I play correspondence chess with my son. I have been playing chess for thirty-five years. He has known the game for fourteen years, has been playing in earnest for the better part of the last year. A few weeks ago he beat me clean. That doesn’t happen very often.
My son is a passionate chef. He discovered this passion at the end of his teen years and now is hot on the trail of culinary mastery, making great headway and still in his early twenties. Meanwhile we play chess, and though I win the vast majority of our games he continually comes back for more. We were discussing this fact, and his developing career, and my own efforts at completing my latest novel, and at one point he said in passing, “I’m a strong believer in persistence.” This disclosure was an epiphany. It’s not that I was surprised to realize that persistence is an important aspect of success, but that I hadn’t put the emphasis on persistence in my life that it really deserves.
This revelation was all the more powerful because I realized this young man, my son the chef, had already surpassed me in his understanding of what it takes to be great at what a person does. His persistence has manifested in work schedules that would make most of us faint. Twelve and fourteen days straight, double shifts. Cooking, cleaning, prepping. Learning. Now, I do not advocate the necessity of long and endless days of work in order to succeed. Each objective requires the time it requires and nothing more. The kitchen takes long hours. If you can’t stand the heat . . . well, you know what they say.
This brings us to the issue at hand. Many artists spend only a few hours per day working on their craft. Time is only one factor in the equation. It is the regular and continuous engagement with your art, persistence, that yields results. You have ten minutes of giving up after any one failure. After that you have to get back to work. You have to persist.
One needs only to read the endless accounts of artists of various kinds who nearly gave up on their success, but through sheer will stuck with it until things suddenly changed. Story after story, book after book, painting after painting, song after song these people worked and championed themselves endlessly until their day came. If that seems like too much to ask, well, if you can’t stand the heat.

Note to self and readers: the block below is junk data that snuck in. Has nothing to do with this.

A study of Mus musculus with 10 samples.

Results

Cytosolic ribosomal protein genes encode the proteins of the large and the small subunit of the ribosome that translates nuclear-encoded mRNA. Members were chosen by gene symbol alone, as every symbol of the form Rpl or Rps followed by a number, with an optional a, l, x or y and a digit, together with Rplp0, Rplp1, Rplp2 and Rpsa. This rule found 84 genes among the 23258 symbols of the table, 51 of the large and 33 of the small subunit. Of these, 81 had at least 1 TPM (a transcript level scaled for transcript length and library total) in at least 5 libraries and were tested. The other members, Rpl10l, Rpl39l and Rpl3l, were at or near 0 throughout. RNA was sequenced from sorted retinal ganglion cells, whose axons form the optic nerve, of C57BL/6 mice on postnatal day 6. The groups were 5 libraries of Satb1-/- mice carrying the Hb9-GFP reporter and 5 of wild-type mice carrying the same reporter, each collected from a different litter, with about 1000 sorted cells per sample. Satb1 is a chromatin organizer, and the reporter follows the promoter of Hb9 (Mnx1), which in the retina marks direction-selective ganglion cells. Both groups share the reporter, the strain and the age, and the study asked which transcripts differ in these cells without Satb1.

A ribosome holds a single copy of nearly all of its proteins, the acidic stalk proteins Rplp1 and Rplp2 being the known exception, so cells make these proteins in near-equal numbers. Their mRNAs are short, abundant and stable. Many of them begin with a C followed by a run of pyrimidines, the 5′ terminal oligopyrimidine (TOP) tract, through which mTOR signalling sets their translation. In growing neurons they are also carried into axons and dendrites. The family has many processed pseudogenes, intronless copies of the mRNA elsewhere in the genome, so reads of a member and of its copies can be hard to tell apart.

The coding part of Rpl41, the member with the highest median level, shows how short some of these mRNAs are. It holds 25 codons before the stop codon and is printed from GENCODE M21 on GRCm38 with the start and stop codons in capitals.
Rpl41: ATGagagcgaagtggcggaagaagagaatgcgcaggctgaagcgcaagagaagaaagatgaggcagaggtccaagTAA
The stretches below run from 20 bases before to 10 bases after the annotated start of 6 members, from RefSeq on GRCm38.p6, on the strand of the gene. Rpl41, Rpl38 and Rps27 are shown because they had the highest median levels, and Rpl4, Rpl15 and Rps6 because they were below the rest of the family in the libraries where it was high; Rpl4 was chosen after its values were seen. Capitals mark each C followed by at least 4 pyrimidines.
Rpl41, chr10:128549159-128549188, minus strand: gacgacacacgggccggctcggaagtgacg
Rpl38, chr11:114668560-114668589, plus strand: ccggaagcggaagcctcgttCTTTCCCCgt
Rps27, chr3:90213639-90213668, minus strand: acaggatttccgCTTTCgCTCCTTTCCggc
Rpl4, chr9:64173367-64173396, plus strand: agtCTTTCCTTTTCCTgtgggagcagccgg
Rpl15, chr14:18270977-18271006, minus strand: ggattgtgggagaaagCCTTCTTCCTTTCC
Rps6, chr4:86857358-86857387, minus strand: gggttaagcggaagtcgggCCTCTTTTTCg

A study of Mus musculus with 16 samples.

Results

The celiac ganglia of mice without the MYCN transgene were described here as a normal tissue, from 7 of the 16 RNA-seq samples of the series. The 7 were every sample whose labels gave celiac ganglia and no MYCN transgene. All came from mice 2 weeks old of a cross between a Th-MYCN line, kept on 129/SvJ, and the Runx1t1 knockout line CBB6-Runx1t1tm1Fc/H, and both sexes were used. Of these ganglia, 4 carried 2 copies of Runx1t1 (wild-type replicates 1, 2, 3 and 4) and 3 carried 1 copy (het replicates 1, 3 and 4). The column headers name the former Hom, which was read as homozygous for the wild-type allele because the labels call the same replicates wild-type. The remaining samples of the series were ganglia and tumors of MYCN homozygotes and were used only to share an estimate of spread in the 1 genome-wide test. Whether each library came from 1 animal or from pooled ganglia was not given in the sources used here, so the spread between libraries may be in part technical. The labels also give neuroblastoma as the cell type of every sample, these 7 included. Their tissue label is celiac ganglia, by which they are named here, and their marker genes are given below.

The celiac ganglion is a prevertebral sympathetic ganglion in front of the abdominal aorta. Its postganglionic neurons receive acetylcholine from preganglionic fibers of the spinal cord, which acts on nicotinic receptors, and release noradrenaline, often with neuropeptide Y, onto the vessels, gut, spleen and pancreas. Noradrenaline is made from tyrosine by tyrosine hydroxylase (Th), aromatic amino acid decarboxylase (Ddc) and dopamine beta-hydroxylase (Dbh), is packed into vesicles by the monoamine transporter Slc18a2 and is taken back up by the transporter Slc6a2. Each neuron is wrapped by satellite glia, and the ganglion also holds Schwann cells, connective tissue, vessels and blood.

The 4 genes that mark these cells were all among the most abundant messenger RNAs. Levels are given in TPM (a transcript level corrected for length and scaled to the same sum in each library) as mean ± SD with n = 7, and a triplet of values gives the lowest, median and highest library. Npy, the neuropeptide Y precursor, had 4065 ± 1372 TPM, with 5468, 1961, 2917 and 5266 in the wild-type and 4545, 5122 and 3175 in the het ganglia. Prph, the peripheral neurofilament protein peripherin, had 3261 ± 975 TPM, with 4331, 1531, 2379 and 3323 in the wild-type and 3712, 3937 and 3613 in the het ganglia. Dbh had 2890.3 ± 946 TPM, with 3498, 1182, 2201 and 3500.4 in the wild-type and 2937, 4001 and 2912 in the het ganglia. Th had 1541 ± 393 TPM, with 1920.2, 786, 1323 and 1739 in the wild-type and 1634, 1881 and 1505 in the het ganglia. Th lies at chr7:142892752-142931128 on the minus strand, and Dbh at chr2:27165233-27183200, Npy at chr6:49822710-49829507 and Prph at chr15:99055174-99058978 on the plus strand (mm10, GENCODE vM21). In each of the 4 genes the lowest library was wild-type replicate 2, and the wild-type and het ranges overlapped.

There is a magical equation to finding your success after all. The spell of persistence creates an energy and momentum that brings those who are loyal to it into the result they seek. It is a mindless incantation, a dogged meditation on commitment to attaining the results we seek. Persistence is revision of our art, revision of our selves, revision of our attitude, and of our efforts to do what needs to be done to keep going. Not mindless in the sense of thoughtlessness, but in the sense of not stopping to take account of the effort we are making to reach our goal. We must not think at all about the time we are committing (and if you recall last post we discussed time as a tool to assure we are committing in the first place). Put your mind only to the work at hand, and persist.
Some painters use the same canvas again and again, white-washing the latest image and painting a new one over it. This is done in pursuit of improving technique – a persistence in learning what works and what does not. Similarly, photographers take hundreds, even thousands of pictures to find the handful that the rest of the world sits up to notice. Nothing about the creative life is one-and-done. We need to persist in our persistence. It’s time to get stubborn.
So what is your commitment to success? Do you have a plan for persistence?